Alaska News Nightly: March 7, 2008

State Lawmakers are talking gasline in the nation’s capital. Meanwhile, the Palin Administration is beginning a final review of the TransAlaska proposal.  Also a rare white orca is spotted in Bering Sea and  Lance Mackey leads the Iditarod out of Ruby. Those stories and more on tonight’s Alaska News Nightly, broadcast statewide on APRN stations.

Individual news stories are posted in the Alaska News category and you can subscribe to APRN’s news feeds via e-mail, podcast and RSS.

State Leglislators grapple with gasline issues in Washington, DC
Joel Southern, APRN – Washington, DC
State lawmakers attending the Energy Council meeting in Washington, DC are mulling over potential difficulties in updating a license to export liquefied Alaska natural gas to overseas markets. Backers of an All-Alaska line acquired the license nearly 20 years ago in hopes of shipping North Slope gas to Asian markets. But in a Wednesday meeting with a top Energy Department official and staffers, Alaska lawmakers were told they should not assume it would be considered valid now.

Palin Administration begins final review of TransCanada proposal

Dave Donaldson, APRN – Juneau
While the meetings in Washington are focusing on pipeline issues, The Palin administration is beginning its final review of the proposed project that TransCanada submitted two months ago. The public comment period ended yesterday, and that input will be incorporated into the

Alaska Native Health Consortium wants more Federal support

Joel Southern, APRN – Washington, DC
An official with the Alaska Native Tribal Health Consortium says the Indian Health Service and Congress need to focus more attention and funding on upgrading Native medical facilities around the nation. The IHS has a priority list for building and modernizing Native health facilities. It estimates that the cost of completing the 22 facilities currently on the list totals $2,600,000,000. But in testimony yesterday  to the US Senate Indian Affairs Committee, Valerie Davidson of the Alaska Native Tribal Health Consortium said there are more than $9,000,000,000 worth of unmet needs for primary care facilities.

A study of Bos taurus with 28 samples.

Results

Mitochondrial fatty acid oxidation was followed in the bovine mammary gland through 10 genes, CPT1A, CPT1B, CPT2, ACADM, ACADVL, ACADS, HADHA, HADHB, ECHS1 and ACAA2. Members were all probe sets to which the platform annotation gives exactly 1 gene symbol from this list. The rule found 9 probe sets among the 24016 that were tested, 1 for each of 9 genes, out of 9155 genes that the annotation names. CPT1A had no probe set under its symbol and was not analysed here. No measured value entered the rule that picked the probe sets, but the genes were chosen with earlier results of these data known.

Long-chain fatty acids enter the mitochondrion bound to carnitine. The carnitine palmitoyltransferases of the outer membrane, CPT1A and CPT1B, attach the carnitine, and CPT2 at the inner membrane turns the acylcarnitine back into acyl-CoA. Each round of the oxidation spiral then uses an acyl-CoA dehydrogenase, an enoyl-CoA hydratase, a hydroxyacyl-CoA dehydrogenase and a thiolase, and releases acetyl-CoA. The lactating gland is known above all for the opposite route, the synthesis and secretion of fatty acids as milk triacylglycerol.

White Orca surfaces in Bering Sea
Charles Homans, KIAL – Unalaska
A very rare white killer whale has been seen in the Bering Sea near the Aleutian Islands. The orca was spotted by a marine mammal observer from the National Marine Mammal Lab in Seattle, working onboard the NOAA Fisheries vessel Oscar Dyson while it conducted a survey in the Bering Sea last month.

Mackey still leading Iditarod

Libby Casey, KUAC – Ruby
Defending champ Lance Mackey is still leading the Iditarod at this hour.  He’s the first, and only, musher to leave Ruby thus far, checking out just after 3:30 this afternoon. Six other mushers have checked in to Ruby.  They include frontrunners Jeff King, Kjetel Backen, Mitch Seavey and Rick Swenson.

Large crop of rookies on the Iditarod this year

David Shurtleff, APRN – McGrath
More than 20-percent of the mushers in this year’s Iditarod are running the race for the first time. Top-rookie Rohn Buser is currently in 10th place, but most first-timers find themselves towards the middle of the pack.

Russian Orthodox Bishop Nikolai ordered to take leave of absence
David Shurtleff, APRN – Anchorage
National leaders of the Russian Orthodox Church are ordering Alaska Bishop Nikolai Soraich to take a leave of absence, and say they will investigate him for improper leadership. The announcement was made this afternoon.  According to a posting on the ‘Orthodox Church of America’ website, Bishop Nikolai refused to voluntarily go on leave, which led to today’s mandatory order.

Fairbanks Roman Catholic Diocese files for bankruptcy
Dan Bross, KUAC – Fairbanks
The Diocese is facing 130 civil suits filed by Alaska natives who allege sexual abuse by priests, and other church employees, beginning in the 1950s.  The  Diocese made the decision to file last month and submitted the paperwork this past Saturday.

Petersburg airport to close runway for safety upgrade

Joe Viechnicki, KFSK – Petersburg
The State is planning to shutdown the runway at Petersburg’s airport this September. The shutdown  could last about one month. The closure will allow for expansion of the safety area around the landing strip.